Can a Couple of Americans Transform the Ancient Art of Bonsai?

America's first homegrown bonsai exhibition and competition will showcase 70 trees from across the country.

By Marty Patail August 24, 2015 Published in the September 2015 issue of Portland Monthly


“These are very sculpted living things,” says the 34-year-old. “It’s not stagnant. It’s responding constantly.”

This is Bonsai Mirai—loosely translated as “the future of bonsai”—Neil’s five-year-old bonsai workshop, garden, and school. This month, he and wife Chelsea attempt their most ambitious entity yet: the Artisans Cup, the country’s first homegrown bonsai exhibition and competition, at the Portland Art Museum. The exhibition, codesigned by the Neils and local architecture firm SkyLab, will showcase 70 trees from around the United States. Five international judges will choose a winner, who will take home $10,000 in prize money.

“We want to get bonsai away from the Japanese gardens and the hobby shop and expose the broader community to what is really becoming an American art form,” says Neil.

A horticulturalist by training, Neil toiled for six years in the garden of world-renowned bonsai artist Masahiko Kimura, becoming the first non-Japanese student to complete a traditional bonsai apprenticeship. Neil describes those years as a grueling Karate Kid montage (“a lot of wax-on, wax-off stuff,” he recalls). But by the end Neil was managing Kimura’s entire bonsai garden.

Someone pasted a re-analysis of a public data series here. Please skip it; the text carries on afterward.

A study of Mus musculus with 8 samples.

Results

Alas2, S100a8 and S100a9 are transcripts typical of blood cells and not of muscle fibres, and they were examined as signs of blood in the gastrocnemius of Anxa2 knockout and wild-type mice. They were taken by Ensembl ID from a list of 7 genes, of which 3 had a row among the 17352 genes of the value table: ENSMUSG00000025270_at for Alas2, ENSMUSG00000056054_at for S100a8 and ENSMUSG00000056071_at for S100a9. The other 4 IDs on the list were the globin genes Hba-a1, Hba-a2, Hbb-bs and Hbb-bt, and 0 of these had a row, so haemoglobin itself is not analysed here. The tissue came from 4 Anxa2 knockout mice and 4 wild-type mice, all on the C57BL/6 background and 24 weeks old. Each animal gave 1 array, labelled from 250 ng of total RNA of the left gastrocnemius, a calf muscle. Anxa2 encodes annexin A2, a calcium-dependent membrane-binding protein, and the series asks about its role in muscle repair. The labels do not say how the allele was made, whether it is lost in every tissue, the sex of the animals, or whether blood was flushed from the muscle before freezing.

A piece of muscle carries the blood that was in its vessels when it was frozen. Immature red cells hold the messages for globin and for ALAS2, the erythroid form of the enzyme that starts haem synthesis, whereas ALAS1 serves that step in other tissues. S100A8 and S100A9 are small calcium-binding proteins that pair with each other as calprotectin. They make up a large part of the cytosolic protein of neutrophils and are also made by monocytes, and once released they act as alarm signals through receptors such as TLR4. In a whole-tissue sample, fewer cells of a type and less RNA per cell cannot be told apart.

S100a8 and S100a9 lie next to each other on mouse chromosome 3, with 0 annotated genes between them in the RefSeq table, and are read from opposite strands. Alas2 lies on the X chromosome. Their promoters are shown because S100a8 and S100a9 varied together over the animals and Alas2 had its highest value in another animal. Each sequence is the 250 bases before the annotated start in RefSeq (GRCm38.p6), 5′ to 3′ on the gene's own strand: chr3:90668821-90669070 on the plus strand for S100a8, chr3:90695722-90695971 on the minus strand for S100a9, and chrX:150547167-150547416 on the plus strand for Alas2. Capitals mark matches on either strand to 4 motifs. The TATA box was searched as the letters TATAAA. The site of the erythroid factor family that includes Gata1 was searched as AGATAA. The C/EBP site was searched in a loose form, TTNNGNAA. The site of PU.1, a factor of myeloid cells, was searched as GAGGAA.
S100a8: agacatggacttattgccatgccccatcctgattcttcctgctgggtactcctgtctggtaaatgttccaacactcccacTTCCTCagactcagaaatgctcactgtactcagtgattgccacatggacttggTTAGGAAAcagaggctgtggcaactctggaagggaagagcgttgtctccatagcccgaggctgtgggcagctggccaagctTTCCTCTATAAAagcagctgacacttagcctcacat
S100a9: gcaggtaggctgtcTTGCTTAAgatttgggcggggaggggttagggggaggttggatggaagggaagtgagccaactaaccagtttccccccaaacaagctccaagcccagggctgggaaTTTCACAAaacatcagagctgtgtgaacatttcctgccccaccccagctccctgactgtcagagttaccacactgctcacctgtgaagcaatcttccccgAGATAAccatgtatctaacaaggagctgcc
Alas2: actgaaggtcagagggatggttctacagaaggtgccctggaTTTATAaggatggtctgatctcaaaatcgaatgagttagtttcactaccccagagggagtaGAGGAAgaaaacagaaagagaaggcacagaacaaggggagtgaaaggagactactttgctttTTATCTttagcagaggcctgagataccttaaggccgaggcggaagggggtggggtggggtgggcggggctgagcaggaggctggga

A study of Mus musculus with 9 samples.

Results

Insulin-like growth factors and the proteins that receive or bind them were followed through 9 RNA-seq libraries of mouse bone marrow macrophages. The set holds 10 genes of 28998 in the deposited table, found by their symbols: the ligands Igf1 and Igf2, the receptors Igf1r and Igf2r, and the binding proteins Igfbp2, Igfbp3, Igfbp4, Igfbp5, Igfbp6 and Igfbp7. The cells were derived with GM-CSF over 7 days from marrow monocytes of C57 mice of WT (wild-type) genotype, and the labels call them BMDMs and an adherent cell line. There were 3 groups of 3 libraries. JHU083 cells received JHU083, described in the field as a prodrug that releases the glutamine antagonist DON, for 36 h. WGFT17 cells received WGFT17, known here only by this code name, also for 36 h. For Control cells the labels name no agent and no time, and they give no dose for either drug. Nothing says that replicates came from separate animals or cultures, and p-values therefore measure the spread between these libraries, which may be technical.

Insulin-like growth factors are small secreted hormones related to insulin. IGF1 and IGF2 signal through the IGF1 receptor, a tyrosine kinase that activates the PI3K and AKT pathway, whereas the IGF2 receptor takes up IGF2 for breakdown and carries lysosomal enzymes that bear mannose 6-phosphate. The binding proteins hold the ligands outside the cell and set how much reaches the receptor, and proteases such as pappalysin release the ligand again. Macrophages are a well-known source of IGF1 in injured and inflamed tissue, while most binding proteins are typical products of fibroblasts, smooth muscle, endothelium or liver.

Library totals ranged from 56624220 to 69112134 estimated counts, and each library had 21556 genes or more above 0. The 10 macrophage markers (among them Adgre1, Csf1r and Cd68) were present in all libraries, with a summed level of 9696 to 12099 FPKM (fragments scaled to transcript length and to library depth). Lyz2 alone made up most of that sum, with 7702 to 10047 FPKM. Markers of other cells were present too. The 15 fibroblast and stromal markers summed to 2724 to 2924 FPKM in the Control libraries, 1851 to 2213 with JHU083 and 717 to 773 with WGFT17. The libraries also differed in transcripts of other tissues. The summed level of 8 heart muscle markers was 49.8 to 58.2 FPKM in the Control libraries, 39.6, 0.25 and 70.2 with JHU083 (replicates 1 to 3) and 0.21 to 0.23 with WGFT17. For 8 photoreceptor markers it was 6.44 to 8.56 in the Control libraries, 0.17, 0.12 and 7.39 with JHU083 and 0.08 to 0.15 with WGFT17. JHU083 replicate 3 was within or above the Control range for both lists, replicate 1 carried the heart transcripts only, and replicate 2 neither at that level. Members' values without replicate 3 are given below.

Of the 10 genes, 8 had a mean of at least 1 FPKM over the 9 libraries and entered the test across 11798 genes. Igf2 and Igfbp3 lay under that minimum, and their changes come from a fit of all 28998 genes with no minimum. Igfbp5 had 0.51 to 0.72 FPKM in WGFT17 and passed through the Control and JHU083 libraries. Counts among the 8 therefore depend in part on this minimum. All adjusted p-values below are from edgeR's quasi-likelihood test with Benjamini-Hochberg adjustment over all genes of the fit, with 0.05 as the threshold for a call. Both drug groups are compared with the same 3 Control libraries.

“Kimura does magical stuff with a living thing,” says Neil. “He pushes the survivability of the tree. He used to tell me, ‘I would rather see the tree dead than sit and look at it knowing I could have pushed it further.’”

If successful this year, the Artisans Cup will be held with Olympics-like regularity, giving the small but growing community of artists (the Neils received 306 tree submissions this year) enough time to create new pieces. Despite their focus on presenting American trees, the Neils have already had discussions to host the next Artisans Cup in Australia in 2019. 

Says Neil: “Unless you’re totally numb to the natural environment, there’s something to identify with. Trees are an inherent part of civilization.”